MONTREAL — Jewish groups are disappointed by an official decision that graphic political signs accusing Israel of murder posted around Montreal during the campaign do not violate the Canada Elections Act.
The Centre for Israel and Jewish Affairs (CIJA) and B’nai Brith Canada separately lodged complaints with Elections Canada. The ruling was made by the Commissioner of Canada Elections, an independent officer whose duty is to ensure that the law governing elections is complied with.
The complaints concern signs with a photo of the mangled, lifeless body of a child on a beach and the text in French: “Israel murders Palestinian children/Harper applauds/What do the other parties say?”
They were sponsored by BDS-Québec, a committee of the Coalition pour la Justice et la Paix en Palestine. It was registered as a third party with Elections Canada in August, under the name of Bruce Katz, a longtime leader of the anti-Israel group PAJU (Palestinian and Jewish Unity).
Registered third parties have the right to advertise within certain spending limits and funding regulations. Katz said about 100 of the signs were put up, and many are seen in the downtown core. BDS Québec also has a Facebook page illustrated with the sign.
“We are very disappointed by the decision,” said CIJA chief executive officer Shimon Koffler Fogel. “We have reviewed the Canada Elections Act carefully and remain convinced that these signs are in violation of Article 91, because they blatantly propagate false information.
“While the review process was clearly thoughtful, we are disturbed that the commissioner failed to recognize the factual misrepresentation and manipulation at the centre of this campaign. If these signs are legitimate, then what isn’t?”
Article 91 states that, “The Canada Elections Act does not control the content of election advertising except as follows: it prohibits the publication of false statements about a candidate or prospective candidate, in order to affect election results.”
To remove third party signs is a criminal offence.
The signs, which began appearing third week of September, refer to the four Palestinian boys who died in July 2014 while playing soccer on a beach allegedly as a result of an Israeli airstrike on the port of Gaza. BDS-Québec is protesting that Israel closed its investigation after finding no criminal responsibility.
B’nai Brith CEO Michael Mostyn described the signs as not only disturbing, but also anti-Semitic, and strongly condemned their content and tone.
“The fact that this group was allowed to register for official third party status, and continues to be sanctioned by Elections Canada while posting graphic and incendiary materials aimed at a particular ethnic group, demonstrates a fundamental gap in the Canada Elections Act,” said Mostyn.
“We will be bringing this issue forward to the incoming government to address this important area for reform. Election campaigns should explore matters of political interest to all Canadians, but should never target minority groups for hateful incitement.”
According to information on its website, BDS-Québec is supported by 27 groups, including such major unions as the Centrale des syndicats du Québec and the Fédération nationale des enseignantes and des enseignants, the Fédération des femmes du Québec, the student union Association syndicale pour une solidarité étudiante (ASSE), Independent Jewish Voices and the political party Québec solidaire.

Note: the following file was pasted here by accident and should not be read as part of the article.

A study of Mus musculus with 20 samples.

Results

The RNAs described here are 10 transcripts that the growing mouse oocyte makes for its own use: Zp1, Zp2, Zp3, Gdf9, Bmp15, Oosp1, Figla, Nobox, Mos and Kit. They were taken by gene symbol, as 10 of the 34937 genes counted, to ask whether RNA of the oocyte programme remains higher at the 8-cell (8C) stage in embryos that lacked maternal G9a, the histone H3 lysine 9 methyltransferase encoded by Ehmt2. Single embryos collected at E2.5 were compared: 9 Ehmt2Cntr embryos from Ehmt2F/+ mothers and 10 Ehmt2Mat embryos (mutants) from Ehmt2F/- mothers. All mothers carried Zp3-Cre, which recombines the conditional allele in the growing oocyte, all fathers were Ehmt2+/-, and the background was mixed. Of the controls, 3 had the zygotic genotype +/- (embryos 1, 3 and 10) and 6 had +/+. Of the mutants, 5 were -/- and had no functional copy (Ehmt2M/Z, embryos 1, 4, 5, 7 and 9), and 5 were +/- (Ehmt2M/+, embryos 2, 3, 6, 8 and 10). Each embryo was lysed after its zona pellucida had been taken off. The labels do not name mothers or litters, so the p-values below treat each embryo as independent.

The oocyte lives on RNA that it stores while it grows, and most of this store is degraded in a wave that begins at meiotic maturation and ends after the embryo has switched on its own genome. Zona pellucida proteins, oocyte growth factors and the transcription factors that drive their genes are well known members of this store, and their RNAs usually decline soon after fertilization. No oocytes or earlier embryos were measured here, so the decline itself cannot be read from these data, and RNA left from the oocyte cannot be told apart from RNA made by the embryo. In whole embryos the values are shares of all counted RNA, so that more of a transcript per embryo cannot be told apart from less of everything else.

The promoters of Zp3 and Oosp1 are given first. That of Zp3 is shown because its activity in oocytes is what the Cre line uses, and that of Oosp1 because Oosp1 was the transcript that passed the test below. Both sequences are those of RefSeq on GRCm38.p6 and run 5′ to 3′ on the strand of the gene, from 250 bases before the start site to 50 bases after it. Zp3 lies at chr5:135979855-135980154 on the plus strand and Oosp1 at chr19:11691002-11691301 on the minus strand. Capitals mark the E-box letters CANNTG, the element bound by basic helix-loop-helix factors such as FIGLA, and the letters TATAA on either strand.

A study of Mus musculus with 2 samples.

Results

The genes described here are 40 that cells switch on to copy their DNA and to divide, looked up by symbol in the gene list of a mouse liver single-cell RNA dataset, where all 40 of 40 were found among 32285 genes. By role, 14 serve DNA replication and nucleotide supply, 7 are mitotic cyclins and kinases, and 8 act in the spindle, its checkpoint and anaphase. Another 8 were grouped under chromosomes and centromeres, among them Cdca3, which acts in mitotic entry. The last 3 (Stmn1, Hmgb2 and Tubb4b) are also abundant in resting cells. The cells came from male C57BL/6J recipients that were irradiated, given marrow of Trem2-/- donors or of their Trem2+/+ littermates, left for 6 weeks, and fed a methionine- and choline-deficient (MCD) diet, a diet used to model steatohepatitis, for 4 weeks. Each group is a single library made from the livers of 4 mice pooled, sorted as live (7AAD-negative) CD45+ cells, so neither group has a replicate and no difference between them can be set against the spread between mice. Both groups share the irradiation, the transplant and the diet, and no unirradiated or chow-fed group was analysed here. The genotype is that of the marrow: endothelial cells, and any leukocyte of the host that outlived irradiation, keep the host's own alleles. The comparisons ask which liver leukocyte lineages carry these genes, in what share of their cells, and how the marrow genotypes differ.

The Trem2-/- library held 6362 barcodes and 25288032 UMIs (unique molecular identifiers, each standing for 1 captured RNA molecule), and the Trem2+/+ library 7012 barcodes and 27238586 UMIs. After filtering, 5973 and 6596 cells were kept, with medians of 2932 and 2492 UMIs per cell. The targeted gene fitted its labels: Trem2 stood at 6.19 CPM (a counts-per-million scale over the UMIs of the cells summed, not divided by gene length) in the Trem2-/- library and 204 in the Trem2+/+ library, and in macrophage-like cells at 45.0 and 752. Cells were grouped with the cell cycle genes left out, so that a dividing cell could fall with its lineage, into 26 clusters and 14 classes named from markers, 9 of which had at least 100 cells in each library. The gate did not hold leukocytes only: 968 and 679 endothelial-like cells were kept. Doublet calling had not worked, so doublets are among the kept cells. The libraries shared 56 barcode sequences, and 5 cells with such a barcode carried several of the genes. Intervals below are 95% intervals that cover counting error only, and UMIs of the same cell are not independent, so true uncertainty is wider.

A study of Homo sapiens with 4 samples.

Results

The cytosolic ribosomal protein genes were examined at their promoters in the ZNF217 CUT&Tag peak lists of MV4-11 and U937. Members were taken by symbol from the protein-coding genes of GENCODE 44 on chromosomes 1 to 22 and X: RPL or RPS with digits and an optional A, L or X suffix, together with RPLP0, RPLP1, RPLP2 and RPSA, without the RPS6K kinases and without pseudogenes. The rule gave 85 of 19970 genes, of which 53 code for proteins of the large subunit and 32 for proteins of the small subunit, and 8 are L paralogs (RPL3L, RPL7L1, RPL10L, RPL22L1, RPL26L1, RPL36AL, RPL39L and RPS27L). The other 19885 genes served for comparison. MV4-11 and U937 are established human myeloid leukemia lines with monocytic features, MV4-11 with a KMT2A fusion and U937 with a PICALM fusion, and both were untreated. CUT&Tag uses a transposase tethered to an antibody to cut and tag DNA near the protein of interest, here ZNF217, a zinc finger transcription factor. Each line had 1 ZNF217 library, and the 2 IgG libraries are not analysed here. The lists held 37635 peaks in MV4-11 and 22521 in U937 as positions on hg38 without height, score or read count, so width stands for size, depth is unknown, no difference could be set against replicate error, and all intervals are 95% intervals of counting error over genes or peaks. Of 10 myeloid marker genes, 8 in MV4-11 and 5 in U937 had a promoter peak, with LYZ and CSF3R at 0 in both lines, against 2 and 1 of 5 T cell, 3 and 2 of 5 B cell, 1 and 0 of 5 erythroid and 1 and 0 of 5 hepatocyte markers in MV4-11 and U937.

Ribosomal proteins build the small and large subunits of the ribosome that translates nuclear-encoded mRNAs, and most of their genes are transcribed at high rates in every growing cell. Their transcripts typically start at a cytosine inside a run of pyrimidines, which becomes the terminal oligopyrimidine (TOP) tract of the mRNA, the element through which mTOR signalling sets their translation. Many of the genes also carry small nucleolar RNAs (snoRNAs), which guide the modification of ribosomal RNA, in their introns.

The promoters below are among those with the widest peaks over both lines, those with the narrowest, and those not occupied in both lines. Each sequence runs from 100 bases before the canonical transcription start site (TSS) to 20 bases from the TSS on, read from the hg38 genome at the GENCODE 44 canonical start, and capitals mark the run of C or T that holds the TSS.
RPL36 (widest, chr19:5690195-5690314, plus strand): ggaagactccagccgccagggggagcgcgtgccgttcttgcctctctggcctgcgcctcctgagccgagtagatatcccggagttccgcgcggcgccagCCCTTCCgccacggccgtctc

One of those listed supporters, Solidarity for Palestinian Human Rights (SPHR), the most active pro-Palestinian campus group, distanced itself from the signs.
Javier Hoyos, an SPHR member and a key campaigner to get a boycott, divestment and sanctions resolution passed last fall by the Concordia Student Union, told the Concordia University student newspaper The Link: “Unfortunately, when people look at that poster, they will automatically assume that SPHR is involved. We are our own independent group. We have nothing to do with BDS-Québec.”
Individual activist Murray Levine launched an online petition urging Prime Minister Stephen Harper to sue BDS-Québec for libel civilly, as a criminal case is not possible, according to legal advice he has received.
“I highly doubt that Canada’s prime minister has ever applauded the deaths of any children, and as such the signs are libellous,” the petition preamble reads. Levine is hoping for 200 signatures and had 172 as of Oct. 13.
Any money awarded to Harper should be donated to one or more children’s hospitals in Canada, Levine said.
Meanwhile, Rabbi Yisroel Bernath is wondering if the BDS signs had anything to do with vandalism at Chabad of NDG, of which he is director.
On the morning of Oct. 11, he discovered that the 12-foot metal menorah in front of the centre on Hingston Avenue had been toppled over and the base broken.
He reported it to police, but there are no suspects at time of writing and the motive is not known.
“I don’t know if there is a connection between the posters and the vandalism, but this type of anti-Israel incitement has been known in the past to lead to anti-Semitism, both locally and around the world,” Rabbi Bernath said.
Rabbi Bernath also runs Chabad at the Loyola campus of Concordia, where the signs have been posted.
“This is very hurtful,” he said. “The menorah is a symbol of light spreading forth to the [Notre-Dame-de-Grâce] area and the entire world. It is a symbol of our Jewish pride, and it feels like this act is challenging that… I guarantee you this symbol will rise again in NDG bigger and stronger than ever.”
Chabad of NDG moved to a former church on Hingston two years ago after many years on Monkland Avenue.
Rabbi Bernath has launched a crowdfunding campaign to raise $3,500 to install surveillance cameras outside the centre. He said the centre has had several break-ins with robbery since relocating in the new premises.